Days after Odisha train accident, desperate search for kin continues
Odisha chief secretary Pradeep Jena said the government was making progress, with 170 of the 275 bodies identified, a number that was 88 on Sunday evening.
On Monday morning, Rajkumari Paswan walked gingerly from one room of the Balasore district headquarters hospital to the other. She first scanned the surgery ward; then orthopaedics; then back to surgery. A day before, Paswan had made the trip from her home in Champaran, along with two sisters and a brother-in-law, with a single minded focus. They wanted to find Rajkumari’s younger brother Amarjit, one of the occupants of the ill fated Coromandel Express that was involved in one of India’s worst train accidents in three decades years on Friday, among the injured. But even three days after the accident that left 275 dead and over 1,100 injured, Rajeshwari’s struggle to locate her brother is emblematic of a growing challenge; reuniting those injured, particularly critically, with their families, and identifying bodies of the dead.
At a railway accident help desk on Monday afternoon, a volunteer attempted to guide Rajkumari to other hospitals in Cuttack and Bhubaneswar. An exhausted Paswan said, “I never thought that I would have to travel to a hospital to search for my brother. I feel hopeless.”
Immediately after the collision between the trains that took place a little before 7 pm on Friday, the bodies of the dead were first piled up at the Bahanaga primary school because of its proximity to the accident site. By Saturday however, with morgues overflowing, and summer causing quick decomposition, bodies were first shifted to an air conditioned hall in Balasore. On Sunday night, 120 of these bodies were sent to AIIMS Bhubaneswar through 60 special ambulances. In the same way, many of the injured were first treated close to the accident site, either at primary health centres near Bahanaga, or in Balasore. Since then, they have been referred to various hospitals such as SCB Medical College and Hospital of Cuttack, and some private hospitals.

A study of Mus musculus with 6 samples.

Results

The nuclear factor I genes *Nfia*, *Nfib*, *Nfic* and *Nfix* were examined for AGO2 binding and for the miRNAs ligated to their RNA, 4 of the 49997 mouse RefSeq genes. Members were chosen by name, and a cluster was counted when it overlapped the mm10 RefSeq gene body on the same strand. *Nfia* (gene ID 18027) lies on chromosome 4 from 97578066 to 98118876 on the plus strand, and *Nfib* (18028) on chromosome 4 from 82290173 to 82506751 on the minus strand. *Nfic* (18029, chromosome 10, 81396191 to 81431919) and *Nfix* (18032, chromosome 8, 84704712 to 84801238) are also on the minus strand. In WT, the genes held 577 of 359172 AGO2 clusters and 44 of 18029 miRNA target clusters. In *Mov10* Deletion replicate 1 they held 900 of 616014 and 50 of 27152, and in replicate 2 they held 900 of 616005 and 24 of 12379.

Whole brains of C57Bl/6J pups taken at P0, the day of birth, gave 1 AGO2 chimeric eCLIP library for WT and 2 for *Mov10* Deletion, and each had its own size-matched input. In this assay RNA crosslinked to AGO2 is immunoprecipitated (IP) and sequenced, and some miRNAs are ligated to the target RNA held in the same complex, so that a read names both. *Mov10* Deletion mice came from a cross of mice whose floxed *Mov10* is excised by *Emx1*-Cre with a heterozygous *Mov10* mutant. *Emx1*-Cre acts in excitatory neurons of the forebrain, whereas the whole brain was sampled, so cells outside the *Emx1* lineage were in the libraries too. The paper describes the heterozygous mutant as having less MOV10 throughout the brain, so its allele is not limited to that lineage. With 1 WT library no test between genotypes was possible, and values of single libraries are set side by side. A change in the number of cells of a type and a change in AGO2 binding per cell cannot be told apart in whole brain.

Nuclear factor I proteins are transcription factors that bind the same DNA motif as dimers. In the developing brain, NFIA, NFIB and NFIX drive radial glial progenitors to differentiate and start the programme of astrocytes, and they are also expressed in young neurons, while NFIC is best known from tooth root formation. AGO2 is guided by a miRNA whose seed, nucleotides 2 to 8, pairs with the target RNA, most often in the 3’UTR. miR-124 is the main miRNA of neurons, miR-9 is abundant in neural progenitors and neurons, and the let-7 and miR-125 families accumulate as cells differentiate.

Like Rajkumari Paswan, Baisakhi Dhar from Bankura of Bengal has also spent the last two days in the desperate search for her husband, Nikhil Dhar, who works for the CRPF. When she reached the accident spot on Saturday morning, and identified herself, she was given his luggage and mobile phone by the local police. She searched first in the pile of bodies at the Bahanaga high school, travelled to the Balasore district hospital as instructed, and has now been asked to hunt for the body in hospitals in Cuttack and Bhubaneswar. In her hand, all through the search, has been Nikhil Dhar’s CRPF cap, which she found at the site. “It has been more than three days, but still there is no news about my husband. What do I do?” asked Dhar.
Close to Dhar, Biplab Pal of Purulia was distraught as well. For two days he has searched for the body of his 10-year-old nephew, who was traveling on the Yesvantpur Howrah Express with his sister, Chanchal Pal. On Sunday, he found Chanchal being treated at the Balasore Hospital, but his little nephew was not next to her. On Monday, he left for AIIMS Bhubaneswar to search for his remains at the mortuary there.
Odisha chief secretary Pradeep Jena said the government was making progress, with 170 of the 275 bodies identified, a number that was 88 on Sunday evening. “The Odisha government will send the bodies to their respective destinations at its own expense. Besides, we will send the death certificate to the family members of the deceased at the earliest. People from across the country can call the two toll-free numbers 1800-3450061/1929 to get necessary information about the deceased and injured persons undergoing treatment at hospitals in the state,” said Jena.
Union Railway Minister Ashwini Vaishnaw said that the government’s focus through the day has been to reach out to families of passengers. “In Bengal, Jharkhand, Bihar, wherever we have information, railway officials are trying to reach the kin. I appeal to families from across the country that for whatever you need, contact numbers have been given. They should be used and we must move forward,” Vaishnaw said.